A smooth transition between choropleth and cartogram

This post describes how to make a smooth transition GIF between a choropleth map and a cartogram. It starts by doing a basic map of Africa and then distorts country size using the cartogram library. ggplot2 is used to build a good looking choropleth map. Animation is made possible thanks to the tweenR and gganimate packages.

Cartogram section Data to Viz

Goal and Packages

At the end of this tutorial, you should get a gif file containing the following animation.

Before we start, make sure you’ve got the following libraries:

A basic map of Africa

The maptools library provides all the information we need to draw a map of Africa.

All the country boundaries are stored in the world_simpl object. Let’s load this object, keep only Africa, and draw a basic representation. This requires only 3 lines of code.

Compute cartogram boundaries

The afr object is a spatial object. Thus it has a data slot that gives a few information concerning each region. You can visualise this info typing afr@data in our case.

You will see a column called POP2005, providing the number of inhabitants per country in 2005.

Using this information we can use the cartogram library to build… a cartogram! Basically, it will distort the shape of every country proportionally to its number of inhabitants.

The output is a new geospatial object that we can map like we’ve done before. As you can see, Nigeria appears way bigger on this map, since it has a population of about 141M inhabitants.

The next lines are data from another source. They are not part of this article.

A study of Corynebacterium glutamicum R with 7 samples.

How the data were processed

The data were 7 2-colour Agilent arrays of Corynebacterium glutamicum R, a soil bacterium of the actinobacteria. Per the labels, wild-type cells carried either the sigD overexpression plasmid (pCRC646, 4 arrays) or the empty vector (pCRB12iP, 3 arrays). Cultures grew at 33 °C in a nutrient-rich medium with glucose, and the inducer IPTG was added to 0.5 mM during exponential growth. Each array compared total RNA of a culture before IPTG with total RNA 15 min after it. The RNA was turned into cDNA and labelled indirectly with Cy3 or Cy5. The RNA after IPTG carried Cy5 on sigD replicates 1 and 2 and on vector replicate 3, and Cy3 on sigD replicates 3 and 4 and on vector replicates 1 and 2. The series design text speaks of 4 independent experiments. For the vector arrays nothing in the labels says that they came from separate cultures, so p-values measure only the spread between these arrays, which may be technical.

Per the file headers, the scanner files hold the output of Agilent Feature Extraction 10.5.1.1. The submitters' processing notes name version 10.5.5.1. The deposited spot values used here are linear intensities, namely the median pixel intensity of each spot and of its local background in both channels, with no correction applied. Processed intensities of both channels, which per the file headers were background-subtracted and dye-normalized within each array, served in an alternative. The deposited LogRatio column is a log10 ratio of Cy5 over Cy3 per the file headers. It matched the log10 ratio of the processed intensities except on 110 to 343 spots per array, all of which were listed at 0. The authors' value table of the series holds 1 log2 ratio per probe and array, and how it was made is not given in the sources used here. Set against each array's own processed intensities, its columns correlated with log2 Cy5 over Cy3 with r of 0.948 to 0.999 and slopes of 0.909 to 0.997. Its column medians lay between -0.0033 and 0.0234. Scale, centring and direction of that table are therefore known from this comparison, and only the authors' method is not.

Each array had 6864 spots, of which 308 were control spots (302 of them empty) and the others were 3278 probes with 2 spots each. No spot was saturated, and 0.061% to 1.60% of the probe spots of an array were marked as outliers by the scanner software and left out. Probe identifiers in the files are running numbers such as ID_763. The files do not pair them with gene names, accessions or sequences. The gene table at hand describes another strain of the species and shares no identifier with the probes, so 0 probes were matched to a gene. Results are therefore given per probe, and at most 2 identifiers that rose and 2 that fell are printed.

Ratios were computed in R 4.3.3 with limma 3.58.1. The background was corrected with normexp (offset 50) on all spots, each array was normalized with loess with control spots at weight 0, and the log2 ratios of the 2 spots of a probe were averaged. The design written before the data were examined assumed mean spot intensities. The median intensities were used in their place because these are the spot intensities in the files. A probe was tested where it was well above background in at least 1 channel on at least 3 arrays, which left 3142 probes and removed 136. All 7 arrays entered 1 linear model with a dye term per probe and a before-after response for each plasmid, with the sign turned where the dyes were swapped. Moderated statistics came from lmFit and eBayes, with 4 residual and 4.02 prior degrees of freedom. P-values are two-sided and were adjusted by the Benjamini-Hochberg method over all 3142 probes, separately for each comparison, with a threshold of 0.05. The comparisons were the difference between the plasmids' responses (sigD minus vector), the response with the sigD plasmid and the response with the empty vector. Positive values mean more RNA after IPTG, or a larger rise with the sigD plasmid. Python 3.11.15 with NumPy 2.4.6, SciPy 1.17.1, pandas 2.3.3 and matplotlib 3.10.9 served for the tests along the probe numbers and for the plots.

A nicer representation using ggplot2

Let’s improve the appearance of the previous maps using the ggplot2 library.

Note that ggplot2 uses data frame and not geospatial object. The transformation to a data frame is done using the tidy() function of the broom package. Since it does not transfer the data slot automatically, we merge it afterward.

The geom_polygon() function is used to draw map data. See the graph #327 of the gallery for more explanation on choropleth maps with ggplot2.

Compute several intermediate maps

The goal being to make a smooth animation between the 2 maps, we need to create a multitude of intermediate maps using interpolation.

This is possible thanks to the awesome tweenr library. (See a few examples in the animation section of the gallery).

At the end we’ve got a big data frame which contains enough information to draw 30 maps. Three of these maps are presented above.

Make the animation with gganimate

The last step consists at building the 30 maps and compile them in a .gif file. This is done using the gganimate library. This library uses another aesthetic: frame. A new plot is made for each frame, that allows us to build the gif afterwards.

Note: This code uses the old version of gganimate. It needs to be updated. Please drop me a message if you can help me with that!

Done! You should have the gif in your working directory.


This post uses several concepts that are extensively described in the R graph gallery:

If you are interested in dataviz, feel free to visit the gallery, or to follow me on twitter!

Related chart types

Hexbin map
Bubble map


This document is a work by Yan Holtz. Any feedback is highly encouraged. You can fill an issue on Github, drop me a message on Twitter, or send an email pasting yan.holtz.data with gmail.com.